Most visitors to The Oaks at Calabasas see a lot to envy: graceful homes, beautifully maintained roads, lush landscaping, and well-heeled residents including film and television stars. With so much to like, it’s easy to imagine luxury is all the gated Southern California community has ever known.
Brian Cameron knows better. “I was the first resident of The Oaks,” he said. “For eighteen years I served on the board, most recently as treasurer. I have been president as well.” As recently as 2007, all was not well in paradise.
“In the year following the transition from developer control of the common areas to HOA control,” Cameron recalls, “I came back onto the board and looked at the financial statements. Our reserves had dropped $400,000 in 2006 to just $40,000 at the end of 2007. The board had dipped into reserves for operating purposes. You are allowed to do that, but you are supposed to notify the homeowners, and you have to have a plan.”
The Oaks at Calabasas was a mess. Fortunately, The Oaks had worked for several years with Association Reserves, Inc. “They helped us to create a plan,” says Cameron, “The first thing we did was try to determine how much money we would need short term, whether we had sufficient capital in that $40,000 to cover it. The Reserve Study shows an expected remaining lifetime for each capital component. We went back to them and said, ‘This year it says we should replace the sidewalks. Can we in fact delay that expense, and what effect will that have on future costs?’”
Among its residents, The Oaks has attorneys, accountants, and management professionals. But skill and talent—as too many HOAs have learned to their regret—is not enough. To get agreement on a plan, there is no substitute for an objective, outside voice. “Our Reserve Study gave us hard data,” Cameron remembers. “I put together a task force, and our Reserve Study helped them to get us back on track.”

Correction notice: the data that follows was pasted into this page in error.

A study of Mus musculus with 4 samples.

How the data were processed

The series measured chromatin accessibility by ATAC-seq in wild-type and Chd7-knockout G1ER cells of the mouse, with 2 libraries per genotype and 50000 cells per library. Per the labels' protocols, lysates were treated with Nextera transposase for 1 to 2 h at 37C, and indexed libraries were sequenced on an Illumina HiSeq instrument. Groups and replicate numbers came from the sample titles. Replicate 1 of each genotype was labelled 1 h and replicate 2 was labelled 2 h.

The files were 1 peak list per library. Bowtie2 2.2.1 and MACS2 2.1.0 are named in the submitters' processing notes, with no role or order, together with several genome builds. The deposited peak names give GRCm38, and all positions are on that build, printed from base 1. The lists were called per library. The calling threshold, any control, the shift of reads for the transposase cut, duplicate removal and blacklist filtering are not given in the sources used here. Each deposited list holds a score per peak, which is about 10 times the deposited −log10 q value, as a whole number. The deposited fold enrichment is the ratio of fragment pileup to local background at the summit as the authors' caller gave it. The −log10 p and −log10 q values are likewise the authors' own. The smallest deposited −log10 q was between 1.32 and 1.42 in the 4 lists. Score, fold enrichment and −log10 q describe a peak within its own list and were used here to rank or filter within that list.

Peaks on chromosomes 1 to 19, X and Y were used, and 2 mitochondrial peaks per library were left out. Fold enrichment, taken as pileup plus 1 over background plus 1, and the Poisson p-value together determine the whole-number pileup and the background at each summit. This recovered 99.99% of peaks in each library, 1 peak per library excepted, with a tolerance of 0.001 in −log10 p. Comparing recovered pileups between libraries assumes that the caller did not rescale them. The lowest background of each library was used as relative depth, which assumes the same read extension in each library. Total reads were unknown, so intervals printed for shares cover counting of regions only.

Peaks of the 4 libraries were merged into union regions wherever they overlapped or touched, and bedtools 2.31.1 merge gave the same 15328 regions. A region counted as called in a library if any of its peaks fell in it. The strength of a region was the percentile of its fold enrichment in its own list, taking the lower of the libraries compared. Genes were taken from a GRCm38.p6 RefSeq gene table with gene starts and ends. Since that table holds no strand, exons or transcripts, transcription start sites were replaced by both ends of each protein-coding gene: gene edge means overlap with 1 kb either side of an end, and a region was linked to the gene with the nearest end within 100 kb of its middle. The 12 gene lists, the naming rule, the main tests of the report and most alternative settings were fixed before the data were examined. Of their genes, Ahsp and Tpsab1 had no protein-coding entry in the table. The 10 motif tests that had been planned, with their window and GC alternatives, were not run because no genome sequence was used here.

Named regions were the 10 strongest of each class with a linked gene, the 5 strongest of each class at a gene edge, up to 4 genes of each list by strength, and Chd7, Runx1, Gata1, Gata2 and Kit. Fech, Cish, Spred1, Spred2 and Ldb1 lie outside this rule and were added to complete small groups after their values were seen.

It took some time to disentangle all that had gone wrong. The previous HOA president had misallocated funds and overpaid for service contracts, all without approval from the Board. Most seriously, he had approved an agreement with four homeowners (including himself) giving them exclusive access to the roadway connecting to their homes, for a monthly fee of only $11 per homeowner.
After commissioning a special Reserve Study of costs specifically related to the disputed roadway, the newly constituted HOA board raised the fee to $164. The homeowners sued the HOA, which called on Robert Nordlund, founder and CEO of Association Reserves, to testify in its behalf. The trial court decided in the HOA’s favor. The appeals court affirmed the decision, noting that Nordlund “testified at length concerning the basis for his opinion that the correct assessment was $163.98, including describing the methodology and database he used to arrive at his estimates.”
The HOA was glad it had enlisted Robert Nordlund and Association Reserves to support its position. “Robert performed magnificently,” Cameron remembers. “He was able to articulate the source of the charges in such a way that the judge was nodding and convinced we had done everything properly. We were even able to collect our legal expenses.”
The Oaks at Calabasas HOA continues to benefit from regular Reserve Studies, and from its relationship with Association Reserves. Laura Thaller, the current general manager, says that the Reserve Studies “absolutely do play a role” in building trust and harmony in the HOA. “I’ve learned how to evaluate the reserve study and explain it to others. If homeowners aren’t asking questions, they are happy.”
When questions do arise, Thaller relies on the Reserve Study to explain fees set by the board. “Robert does all of the formulas and detail work. Together we do a whole walk-through every year. Robert has had a long history with this community. He’s spent a lot of time on the phone explaining things. He’s very accessible, quick to return phone calls, available to us. That makes a big different when a homeowner wants to know how we arrived at the fees we’re charging.”
The Oaks at Calabasas enjoys advantages not every HOA can match: affluent homeowners, rising prices, and spectacular views. But The Oaks is not immune to conflict or mismanagement. After its crisis, its HOA rebuilt homeowner trust through responsible board governance and sound management, supported by facts, analysis, and explanations from its trusted partners at Association Reserves.